Montreal Metro Turns Fifty


Sorry for the three exact posts.  I had trouble getting the site to accept it and kept seeing a tag that read "Something went wrong" and I must have clicked submit too many times.




Riding the NYC subway was without exagerration a descent into hell with the most horrifically loud screeches of the steel wheels grinding against the rails driving like spikes into my ears. Add to that the lights flickering, blue flashes off the third rail, the tooth-jarring lurching and swaying, and the fact that these subway tortures usually ended in dentist visits, and you have a complete sensory trauma I defy you to distinguish from an artillery barrage.

The prospect of silent, smooth running rubber tires seemed like a dream compared to this hot mess of transportation.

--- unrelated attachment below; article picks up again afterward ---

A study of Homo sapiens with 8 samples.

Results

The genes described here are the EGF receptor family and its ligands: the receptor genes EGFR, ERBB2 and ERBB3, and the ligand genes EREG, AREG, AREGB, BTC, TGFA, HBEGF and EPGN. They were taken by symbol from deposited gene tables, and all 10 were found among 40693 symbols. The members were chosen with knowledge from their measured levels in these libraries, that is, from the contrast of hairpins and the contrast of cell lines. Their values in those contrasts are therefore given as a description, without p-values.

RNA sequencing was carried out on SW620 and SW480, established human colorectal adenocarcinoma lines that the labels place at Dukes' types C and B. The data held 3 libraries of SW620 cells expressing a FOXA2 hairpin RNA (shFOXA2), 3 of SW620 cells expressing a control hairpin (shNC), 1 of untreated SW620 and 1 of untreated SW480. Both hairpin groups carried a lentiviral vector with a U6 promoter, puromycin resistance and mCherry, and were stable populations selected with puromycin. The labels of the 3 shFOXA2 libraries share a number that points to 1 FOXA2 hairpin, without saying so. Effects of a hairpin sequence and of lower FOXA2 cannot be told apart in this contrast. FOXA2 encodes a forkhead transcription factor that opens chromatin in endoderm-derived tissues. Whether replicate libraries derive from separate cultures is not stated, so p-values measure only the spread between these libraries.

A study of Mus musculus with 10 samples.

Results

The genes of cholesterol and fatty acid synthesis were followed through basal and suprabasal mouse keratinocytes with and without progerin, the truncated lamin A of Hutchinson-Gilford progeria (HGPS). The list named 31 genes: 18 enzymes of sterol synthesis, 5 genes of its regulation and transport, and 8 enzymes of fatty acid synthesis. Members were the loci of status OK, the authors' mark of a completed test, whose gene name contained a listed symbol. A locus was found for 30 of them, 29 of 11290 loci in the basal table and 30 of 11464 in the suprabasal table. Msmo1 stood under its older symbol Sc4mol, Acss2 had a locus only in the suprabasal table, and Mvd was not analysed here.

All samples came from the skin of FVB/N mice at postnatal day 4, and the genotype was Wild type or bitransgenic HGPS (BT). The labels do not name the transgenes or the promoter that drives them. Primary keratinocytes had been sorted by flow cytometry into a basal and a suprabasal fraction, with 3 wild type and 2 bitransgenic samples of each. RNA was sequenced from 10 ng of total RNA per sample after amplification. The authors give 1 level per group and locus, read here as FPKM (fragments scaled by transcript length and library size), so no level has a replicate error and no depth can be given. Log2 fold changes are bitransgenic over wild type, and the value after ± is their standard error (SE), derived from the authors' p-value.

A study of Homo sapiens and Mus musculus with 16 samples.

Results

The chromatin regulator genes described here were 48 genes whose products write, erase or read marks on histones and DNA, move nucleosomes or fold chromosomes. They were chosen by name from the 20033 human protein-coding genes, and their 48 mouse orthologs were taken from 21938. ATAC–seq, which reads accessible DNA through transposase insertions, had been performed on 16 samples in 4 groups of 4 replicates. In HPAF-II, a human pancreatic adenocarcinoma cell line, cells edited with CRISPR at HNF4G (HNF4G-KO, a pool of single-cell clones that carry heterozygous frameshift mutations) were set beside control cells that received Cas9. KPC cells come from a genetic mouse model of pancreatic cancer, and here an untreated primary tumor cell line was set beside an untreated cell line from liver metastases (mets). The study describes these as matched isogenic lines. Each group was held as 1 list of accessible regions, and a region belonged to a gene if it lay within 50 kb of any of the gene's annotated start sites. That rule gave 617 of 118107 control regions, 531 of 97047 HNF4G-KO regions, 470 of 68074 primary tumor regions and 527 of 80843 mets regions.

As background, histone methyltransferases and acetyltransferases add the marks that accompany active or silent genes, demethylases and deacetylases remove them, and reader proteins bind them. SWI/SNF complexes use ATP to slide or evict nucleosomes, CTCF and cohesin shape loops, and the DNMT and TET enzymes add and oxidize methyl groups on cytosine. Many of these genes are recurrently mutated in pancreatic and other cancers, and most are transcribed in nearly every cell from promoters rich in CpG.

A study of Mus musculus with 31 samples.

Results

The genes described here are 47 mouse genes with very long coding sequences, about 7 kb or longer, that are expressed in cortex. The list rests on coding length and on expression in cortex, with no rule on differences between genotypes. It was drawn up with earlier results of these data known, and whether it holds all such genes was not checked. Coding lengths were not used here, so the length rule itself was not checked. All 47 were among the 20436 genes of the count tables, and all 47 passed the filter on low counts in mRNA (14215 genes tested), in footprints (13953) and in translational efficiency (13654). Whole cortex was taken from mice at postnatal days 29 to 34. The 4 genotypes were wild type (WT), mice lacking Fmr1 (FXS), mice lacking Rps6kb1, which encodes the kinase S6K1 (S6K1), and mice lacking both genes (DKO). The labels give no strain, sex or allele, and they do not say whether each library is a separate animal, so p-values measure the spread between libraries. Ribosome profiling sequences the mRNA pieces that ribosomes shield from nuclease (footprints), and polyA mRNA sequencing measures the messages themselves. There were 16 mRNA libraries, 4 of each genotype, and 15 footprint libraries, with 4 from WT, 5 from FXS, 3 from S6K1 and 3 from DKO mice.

Monorails running above the dividers of NYC highways and refitting the offensive subway cars with rubber tires were parts of my developing plan for solving the problems of the world inspired by World's Fairs. 


That rubber tired Metro was about as spectacular as the Expo for 10-year old me visiting from NYC. 

Riding the NYC subway was without exagerration a descent into hell with the most horrifically loud screeches of the steel wheels grinding against the rails driving like spikes into my ears. Add to that the lights flickering, blue flashes off the third rail, the tooth-jarring lurching and swaying, and the fact that these subway tortures usually ended in dentist visits, and you have a complete sensory trauma I defy you to distinguish from an artillery barrage.

The prospect of silent, smooth running rubber tires seemed like a dream compared to this hot mess of transportation. 

Monorails running above the dividers of NYC highways and refitting the offensive subway cars with rubber tires were parts of my developing plan for solving the problems of the world inspired by World's Fairs. 

Great minds think alike. You pretty well summed up my thoughts as well.


The Metro remains an excellent system.  I can still remember the Expo Express as well.  What I would give to ride that one more time.